Posted on October 17th, 2017
An array of white notecards covers the floor of the gallery. Hundreds of white rectangles, each seemingly placed with deliberate care, tessellate the room. Something is scrawled on them. Words, I think. I recognize some, but others are mostly unintelligible to me. Three tables, each with a pair of chairs, are arranged near the periphery of the latticework of paper and scribbles. A cohort of viewers observes, standing back along the walls and crowded near the entries.
Josh Clendenin walks on his toes, choosing carefully his footsteps between the notes. There is only barely enough space between each for him to balance precariously on the balls of his feet. He takes a step, pauses, and contorts his body to maintain his centre of gravity. Leaning almost impossibly forward and back and to the side, Clendenin scans his domain, searching. He bends down, plucking from the concrete floor a card with a question mark. Flipping it over, he scans what is scrawled on its reverse, and locks eyes with a viewer leaning against the wall.
“What are you afraid of?”
The man appears caught off guard, but quickly comes to an answer.
Clendenin seems to ponder the profundity of this for a moment, before turning again toward his words. He strides amongst them, never fully finding his footing. The artist pauses momentarily, closes his eyes, and takes a deep breath. Picking up another question mark, he addresses another person across the room. The artist’s words fall effortlessly from his lips, but they refuse to take purchase in my own head. He is speaking Irish, I would later come to learn. A knot begins to tie itself in my stomach and he looks expectantly at a women who responds only with wide eyes. He repeats his question, reading again directly from the card. Several intense moments pass, during which I can only imagine that her heart is pounding in her ears at least as loudly as my own is in mine.
Clendenin breaks his expectant gaze, turning again to the words scattered at his feet. His eyes flick back and forth, and he cranes his neck while striding carefully. His toes barely disturb any of the words. He is looking for a specific word this time. Several words. He picks up a card, and another from the opposite side of the room, and several more. Repeating his original question, he gestures and mimes with his whole body, hoping perhaps to transmit something not in the words themselves. And he reads from the new cards in his hand, only single words, but English words. Adding several more words from his floor-lexicon, a recognizable and stilted pidgin translation emerges.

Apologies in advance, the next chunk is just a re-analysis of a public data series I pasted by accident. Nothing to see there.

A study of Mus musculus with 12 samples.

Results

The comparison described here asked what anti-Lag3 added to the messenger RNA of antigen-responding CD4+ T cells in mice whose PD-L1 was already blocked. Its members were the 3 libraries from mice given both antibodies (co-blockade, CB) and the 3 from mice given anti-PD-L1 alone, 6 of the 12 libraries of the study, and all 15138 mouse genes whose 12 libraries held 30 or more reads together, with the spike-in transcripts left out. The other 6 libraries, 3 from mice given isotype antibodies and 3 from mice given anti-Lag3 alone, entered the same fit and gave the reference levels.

“You like get lost travel nouveu ville?”
“Do I like getting lost when I travel somewhere new?”
He nods and shrugs his shoulders. Close enough.
“I try not to get lost…”
Clendenin addresses each of us watching in this manner, asking questions in English, French, Spanish, and Irish. Sometimes the exchanges are quick, and sometimes several minutes pass before he and his interlocutor find some kind of mutual understanding. What are you passionate about? What’s your favourite movie? Do you like any sports? The artist articulates himself using only the words and phrases he finds on the floor, in addition to bodily gesture.
Eventually, a brave soul seats themselves at one of the tables and soon the artist joins them, question-card in hand. Clendenin poses a question in French, and his tablemate responds—in English—after screwing their face up, as though trying to recall distant French lessons. The artist replies in kind, albeit still in French, but without turning to his words on the floor for his vocabulary. They both converse like that, going back and forth from French to English, until Clendenin stands up in search of a new question card to bring to someone else who has sat himself at another table.
At some point, I find myself sitting across from the artist, nervously waiting to find out what question and language he has in store for me. We lock eyes. He speaks slowly, but I am nevertheless unable to understand his words. Sitting here at the table, Clendenin speaks freely, but only in the language of the question card in his hand: Irish. He pantomimes speaking, pats his chest, and points at me. Tell me about your… He stands up and returns with the word in English. Family! I tell him about my sister, and my parents, and my dog, and I ask him about his family. Several minutes later he has taught me the Irish words for mother, father, sibling, and step-sibling. The process is labourious, but the dread which welled up in my throat when I first heard those seemingly unintelligible syllables fades as I begin to enjoy the collaborative process of learning and understanding something new.
Clendenin’s performance has various modes of engagement with his audience and it is presented as a puzzle: we are asked to figure out not only how to communicate with the artist but also the rules by which we are able to engage him. The work is strongest in those moments when the artist must literally find the words to express himself, balancing precariously and moving deftly on the balls of his feet. He makes bodily, in a very literal and present way, the grasping feeling of needing to articulate something but not being able to find the words. It resonates viscerally with that momentary feeling of amnesia when the word you need is just on the tip of your tongue—or under the tips of your toes.